If you guessed the logical answer, you, of course, said it was Martha Washington. After all, Martha was the wife of the first U.S. President, George Washington. But actually, the title “First Lady” was never used regarding Martha Washington during her lifetime.
In the early years of U.S. Presidents, their wives were referred to by several different monikers with the titles often based on the wife’s personal preference. For instance, the titles “Mrs. President” and “Mrs. Presidentress” were sometimes used.
Martha Washington was often addressed as “Lady Washington”. The wife of John Tyler, our 10th U.S. President, liked to be called “Queen of the House”.
In a June 12, 1843 article in the Boston Courier titled “Martha Washington”, the author, a Mrs. Sigourney, wrote:
The First Lady of the nation still preserved the habits of early life. Indulging in no indolence she left the pillow at dawn, and after breakfast, retired to her chamber for an hour for study of scriptures and devotion.
This was the first known reference to “First Lady” in print referring to a wife of a U.S. President.
Next up, some sources claim that in 1849 President Zachary Taylor called Dolley Madison “First Lady” at her state funeral in his eulogy. However, no actual written copy of the eulogy exists.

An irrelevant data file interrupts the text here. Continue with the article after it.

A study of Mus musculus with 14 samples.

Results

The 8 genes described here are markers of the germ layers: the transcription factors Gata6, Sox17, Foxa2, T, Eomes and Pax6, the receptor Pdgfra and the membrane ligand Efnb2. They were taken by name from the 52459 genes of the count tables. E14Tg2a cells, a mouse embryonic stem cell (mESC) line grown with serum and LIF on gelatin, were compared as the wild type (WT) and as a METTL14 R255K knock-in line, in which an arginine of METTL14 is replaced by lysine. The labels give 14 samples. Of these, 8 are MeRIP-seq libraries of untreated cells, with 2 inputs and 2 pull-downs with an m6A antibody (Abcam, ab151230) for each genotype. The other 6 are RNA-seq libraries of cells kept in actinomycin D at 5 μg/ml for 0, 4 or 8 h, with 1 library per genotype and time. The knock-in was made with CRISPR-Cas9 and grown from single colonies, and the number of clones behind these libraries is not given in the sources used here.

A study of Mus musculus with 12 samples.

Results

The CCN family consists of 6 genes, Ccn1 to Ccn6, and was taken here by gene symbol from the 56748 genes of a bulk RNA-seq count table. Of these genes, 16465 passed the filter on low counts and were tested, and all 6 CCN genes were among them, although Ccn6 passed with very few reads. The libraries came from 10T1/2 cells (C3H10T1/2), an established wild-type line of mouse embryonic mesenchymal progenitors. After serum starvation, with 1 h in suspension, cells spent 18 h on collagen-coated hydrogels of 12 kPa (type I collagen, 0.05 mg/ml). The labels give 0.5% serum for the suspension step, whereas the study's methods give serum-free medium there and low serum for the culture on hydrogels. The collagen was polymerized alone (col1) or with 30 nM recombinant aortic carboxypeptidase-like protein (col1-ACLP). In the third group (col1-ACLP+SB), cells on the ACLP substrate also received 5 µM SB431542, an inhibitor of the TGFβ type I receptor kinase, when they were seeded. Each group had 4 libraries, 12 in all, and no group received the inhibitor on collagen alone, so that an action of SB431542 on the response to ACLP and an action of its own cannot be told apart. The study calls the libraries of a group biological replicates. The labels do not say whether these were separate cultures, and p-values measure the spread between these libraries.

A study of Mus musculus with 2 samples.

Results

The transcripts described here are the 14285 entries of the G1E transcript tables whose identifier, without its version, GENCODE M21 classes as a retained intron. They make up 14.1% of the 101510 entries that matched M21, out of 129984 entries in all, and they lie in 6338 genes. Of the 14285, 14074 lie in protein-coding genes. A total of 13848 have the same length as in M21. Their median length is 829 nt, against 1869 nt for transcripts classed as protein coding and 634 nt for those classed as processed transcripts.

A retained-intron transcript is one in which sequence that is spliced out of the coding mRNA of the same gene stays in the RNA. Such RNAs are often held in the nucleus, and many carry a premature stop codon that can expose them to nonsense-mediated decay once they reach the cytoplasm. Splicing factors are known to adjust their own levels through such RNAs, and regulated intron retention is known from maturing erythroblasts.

By a slight bit of irony, the first woman to definitely be referred to as the “First Lady” during her term in that “position”, was not the wife of a U.S. President. Our 15th U.S. President, James Buchanan, was a bachelor. As such, he had no wife to be the official White House hostess. Instead, his 27-year-old niece, Harriet Lane, took on the role during Buchanan’s term in office (1857-1861) at official White House functions.
The specific place she was first called such was in a March 1860 article in Frank Leslie’s popular Illustrated Newspaper. In it, Harriet was unofficially (but popularly) dubbed “The Lady of the White House”, and by courtesy, “The First Lady of the Land”. Making her the first verifiable case of a sitting “First Lady” actually being called such.
The term gained popularity, particularly in Washington D.C., during Harriet Lane’s White House years and it also began to be used retrospectively in referring to former Presidents’ wives, though still not on a wide scale.
The earliest known written evidence of the term being used outside of a newspaper comes from the diary of William Howard Russell, who wrote it in a November 3, 1863 entry, referring to gossip about the “First Lady of the Land”, in regard to Mary Todd Lincoln.
The title continued to pick up steam and gained nationwide recognition in 1877 when Mary C. Ames wrote in the New York City newspaper, The Independent, describing the wife of Rutherford B. Hayes, Lucy, as “The First Lady” (at his inauguration). Frequent reporting about Lucy Hayes’ activities during Hayes’ term in office (1877-1881) by the press helped the term gain greater popularity outside of Washington D.C.
A popular 1911 comedy play written by playwright Charles Nirdlinger titled “First Lady of the Land” also helped popularized the sobriquet further. By the 1930s, “First Lady” was almost universally used in the United States as the title for the wife / chief hostess of the White House.